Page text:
First: if Valkyrie didn’t already cover this, a tidbit of Malaysian vocabulary. Atas literally means “up”, but is used to describe all things upper-class. Rich people, the things they own, the places they frequent – all can be called atas, as in “that restaurant is very atas” or “Borders is an atas book store.” (Yes, Borders still exists here. Sometimes travelling can feel like you’re in a parallel economic universe.)
The morning starts with a trip to the local curry mee (“mee” is a type of noodle, thin and yellowish in color) stand. They specialize in white curry mee with pig’s blood, which comes in the form of coagulated cubes. Curry mee is often served with a reddish sambal sauce that you can stir into the broth, thus making it less white. (No idea what’s in the white curry paste; we’d heard of yellow, green, and red before, but not white!) We’re lucky to get in before they close up; usually everything is sold out before 0900, which is not surprising considering that it’s both delicious and cheap!
We join Shobee on her way into Georgetown, where she usually works from various cafes. The Teach For Malaysia office there has no Internet connection, a matter that the office in KL has tried but so far not succeeded in addressing. Their staff in the area take it in stride, though, for isn’t adversity part of the fun of launching and sustaining a new organization? Atas cafes are usually best for working – they’re clean and quiet, and they offer a level of wifi connectivity that puts the overstressed coffee shop networks back in San Francisco to shame. All three of us work from one such cafe, Lighthouse Coffee, until Shobee leaves for her office in Georgetown just before noon.
Side note: as a former software engineer, it’s really hard to get used to the non-engineering side of business. All the comfort of well-defined progress goes out the window: no lines of code, no working test cases, only messy human psychology and writing and planning and the vagaries of communication (which, I can tell you, time differences of multiple hours do not improve.)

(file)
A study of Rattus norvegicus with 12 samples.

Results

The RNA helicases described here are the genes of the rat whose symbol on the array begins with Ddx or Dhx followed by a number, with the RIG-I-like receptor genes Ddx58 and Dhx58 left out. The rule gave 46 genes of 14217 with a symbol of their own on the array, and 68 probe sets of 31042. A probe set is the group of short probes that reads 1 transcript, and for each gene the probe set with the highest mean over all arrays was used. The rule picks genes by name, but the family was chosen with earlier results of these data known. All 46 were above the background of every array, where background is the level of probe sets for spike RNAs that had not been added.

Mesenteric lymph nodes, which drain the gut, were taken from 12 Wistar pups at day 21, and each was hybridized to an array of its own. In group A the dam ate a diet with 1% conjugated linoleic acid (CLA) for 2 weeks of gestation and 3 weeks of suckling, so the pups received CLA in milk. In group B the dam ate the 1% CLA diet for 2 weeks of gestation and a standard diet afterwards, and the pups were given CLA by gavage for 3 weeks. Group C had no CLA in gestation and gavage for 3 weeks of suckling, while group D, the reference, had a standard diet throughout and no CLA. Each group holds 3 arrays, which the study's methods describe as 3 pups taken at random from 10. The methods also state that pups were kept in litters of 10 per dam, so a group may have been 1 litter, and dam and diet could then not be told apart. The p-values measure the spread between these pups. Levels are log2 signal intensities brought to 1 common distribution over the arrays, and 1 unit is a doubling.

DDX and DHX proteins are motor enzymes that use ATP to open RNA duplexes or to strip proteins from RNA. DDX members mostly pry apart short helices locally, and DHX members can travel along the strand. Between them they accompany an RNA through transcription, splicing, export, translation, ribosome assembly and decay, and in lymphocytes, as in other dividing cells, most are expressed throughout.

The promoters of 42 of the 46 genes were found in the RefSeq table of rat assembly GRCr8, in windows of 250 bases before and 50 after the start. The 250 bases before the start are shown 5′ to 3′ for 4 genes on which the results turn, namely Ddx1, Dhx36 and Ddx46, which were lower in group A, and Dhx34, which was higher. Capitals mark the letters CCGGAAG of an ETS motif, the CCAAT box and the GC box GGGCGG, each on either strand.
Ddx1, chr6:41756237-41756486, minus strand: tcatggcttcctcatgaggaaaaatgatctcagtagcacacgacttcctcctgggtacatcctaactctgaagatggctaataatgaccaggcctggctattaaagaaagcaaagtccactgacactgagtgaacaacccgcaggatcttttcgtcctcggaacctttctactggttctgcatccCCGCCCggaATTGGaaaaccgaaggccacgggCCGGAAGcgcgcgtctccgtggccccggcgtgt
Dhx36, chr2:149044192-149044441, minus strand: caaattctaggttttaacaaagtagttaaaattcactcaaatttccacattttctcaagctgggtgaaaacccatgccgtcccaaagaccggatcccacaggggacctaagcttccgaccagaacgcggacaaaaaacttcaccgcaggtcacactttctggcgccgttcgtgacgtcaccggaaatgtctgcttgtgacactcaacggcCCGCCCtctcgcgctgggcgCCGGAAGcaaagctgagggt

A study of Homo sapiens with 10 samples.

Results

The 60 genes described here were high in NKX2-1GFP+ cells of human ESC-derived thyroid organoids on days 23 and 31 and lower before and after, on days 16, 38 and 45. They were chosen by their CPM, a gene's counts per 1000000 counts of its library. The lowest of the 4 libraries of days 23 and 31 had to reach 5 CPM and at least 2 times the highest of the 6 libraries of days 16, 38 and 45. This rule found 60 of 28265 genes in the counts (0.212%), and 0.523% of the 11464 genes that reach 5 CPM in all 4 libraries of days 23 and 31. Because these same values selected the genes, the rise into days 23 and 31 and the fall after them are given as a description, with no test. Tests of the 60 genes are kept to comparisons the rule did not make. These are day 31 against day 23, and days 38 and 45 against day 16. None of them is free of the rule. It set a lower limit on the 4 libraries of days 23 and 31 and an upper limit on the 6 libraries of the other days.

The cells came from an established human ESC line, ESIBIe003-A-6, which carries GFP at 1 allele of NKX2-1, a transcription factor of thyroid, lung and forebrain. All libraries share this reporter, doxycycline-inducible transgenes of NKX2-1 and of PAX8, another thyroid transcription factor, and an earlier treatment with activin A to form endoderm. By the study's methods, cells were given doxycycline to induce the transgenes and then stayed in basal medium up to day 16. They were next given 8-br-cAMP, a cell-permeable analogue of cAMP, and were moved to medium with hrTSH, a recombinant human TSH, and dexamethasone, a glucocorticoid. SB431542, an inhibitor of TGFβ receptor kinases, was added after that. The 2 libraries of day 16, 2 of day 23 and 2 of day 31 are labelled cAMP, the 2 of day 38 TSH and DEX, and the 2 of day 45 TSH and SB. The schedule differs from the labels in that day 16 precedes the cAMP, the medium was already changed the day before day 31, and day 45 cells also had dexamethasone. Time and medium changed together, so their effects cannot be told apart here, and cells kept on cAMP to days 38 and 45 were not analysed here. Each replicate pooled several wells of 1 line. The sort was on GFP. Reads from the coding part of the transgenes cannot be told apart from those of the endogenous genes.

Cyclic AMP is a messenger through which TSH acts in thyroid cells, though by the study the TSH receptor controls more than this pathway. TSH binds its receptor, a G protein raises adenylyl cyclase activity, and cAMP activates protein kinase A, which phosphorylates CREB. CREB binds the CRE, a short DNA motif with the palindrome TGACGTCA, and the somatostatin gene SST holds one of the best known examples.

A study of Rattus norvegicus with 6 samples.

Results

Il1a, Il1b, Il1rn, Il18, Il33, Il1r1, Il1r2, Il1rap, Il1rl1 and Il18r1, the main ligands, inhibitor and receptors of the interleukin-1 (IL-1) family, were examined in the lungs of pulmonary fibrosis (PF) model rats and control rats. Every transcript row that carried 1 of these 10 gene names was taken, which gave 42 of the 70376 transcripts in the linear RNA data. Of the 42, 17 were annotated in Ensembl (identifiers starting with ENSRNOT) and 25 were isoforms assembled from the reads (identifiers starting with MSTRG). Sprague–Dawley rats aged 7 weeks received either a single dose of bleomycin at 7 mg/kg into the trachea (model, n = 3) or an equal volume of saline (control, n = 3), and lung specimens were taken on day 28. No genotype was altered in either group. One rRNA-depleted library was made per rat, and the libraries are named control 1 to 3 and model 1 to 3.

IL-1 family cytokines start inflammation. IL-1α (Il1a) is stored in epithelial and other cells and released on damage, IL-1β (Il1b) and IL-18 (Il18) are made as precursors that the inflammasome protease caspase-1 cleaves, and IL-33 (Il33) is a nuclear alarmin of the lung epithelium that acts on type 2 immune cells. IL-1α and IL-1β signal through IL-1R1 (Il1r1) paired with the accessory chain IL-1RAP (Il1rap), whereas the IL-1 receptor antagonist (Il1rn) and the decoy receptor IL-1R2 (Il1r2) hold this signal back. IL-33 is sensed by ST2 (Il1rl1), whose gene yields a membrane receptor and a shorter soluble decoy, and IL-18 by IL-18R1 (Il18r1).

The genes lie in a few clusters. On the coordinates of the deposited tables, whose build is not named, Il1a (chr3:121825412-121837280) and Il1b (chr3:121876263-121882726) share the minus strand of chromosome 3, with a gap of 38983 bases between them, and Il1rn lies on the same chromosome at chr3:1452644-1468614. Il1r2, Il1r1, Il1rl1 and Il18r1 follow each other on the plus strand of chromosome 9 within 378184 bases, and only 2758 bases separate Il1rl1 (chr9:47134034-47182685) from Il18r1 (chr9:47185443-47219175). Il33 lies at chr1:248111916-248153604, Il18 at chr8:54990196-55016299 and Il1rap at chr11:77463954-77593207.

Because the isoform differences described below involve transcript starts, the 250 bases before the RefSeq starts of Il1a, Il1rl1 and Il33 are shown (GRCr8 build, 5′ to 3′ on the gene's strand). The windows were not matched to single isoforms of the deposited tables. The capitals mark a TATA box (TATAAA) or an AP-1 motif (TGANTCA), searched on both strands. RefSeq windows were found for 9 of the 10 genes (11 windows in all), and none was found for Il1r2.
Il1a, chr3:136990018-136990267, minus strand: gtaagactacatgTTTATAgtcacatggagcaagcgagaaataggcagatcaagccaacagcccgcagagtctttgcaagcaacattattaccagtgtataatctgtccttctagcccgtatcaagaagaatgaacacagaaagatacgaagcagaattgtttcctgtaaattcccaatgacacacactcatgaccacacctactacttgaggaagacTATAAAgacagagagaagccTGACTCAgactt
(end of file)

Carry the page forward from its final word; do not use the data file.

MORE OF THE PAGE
We’re peckish by 1330, so we grab some delicious vegetarian Indian food around the corner before taking a brisk walk about the town. Our choice of restaurant for lunch brings us into Little India, which is but a short walk away from the town hall and some old British fort. Colonialism leaves strange marks…but apparently this fort was never used in a defensive capacity. Instead, it served as an administrative center during British colonial rule.
On our way back from the quick walk, we end up taking a less pedestrian-friendly turn onto the main waterfront road. Urban Malaysia isn’t exactly designed for walking around even in the best of places, and this is no exception. Nevertheless, we soldier on and make it back to the ferry terminal.
Shobee’s got a full evening of work ahead of her, so we decide to repay a tiny portion of our karmic debt by preparing a sort of fusion cuisine feast: polenta with grated purple sweet potato; braised green leafy vegetable of some variety; and shiitake bacon, which is one of our staple meat substitutes back home. It takes a while longer than expected, and we’re still cooking by the time Shobee returns, but after much work and patience we’re all rewarded with yet another delicious meal to round out our day of culinary delights.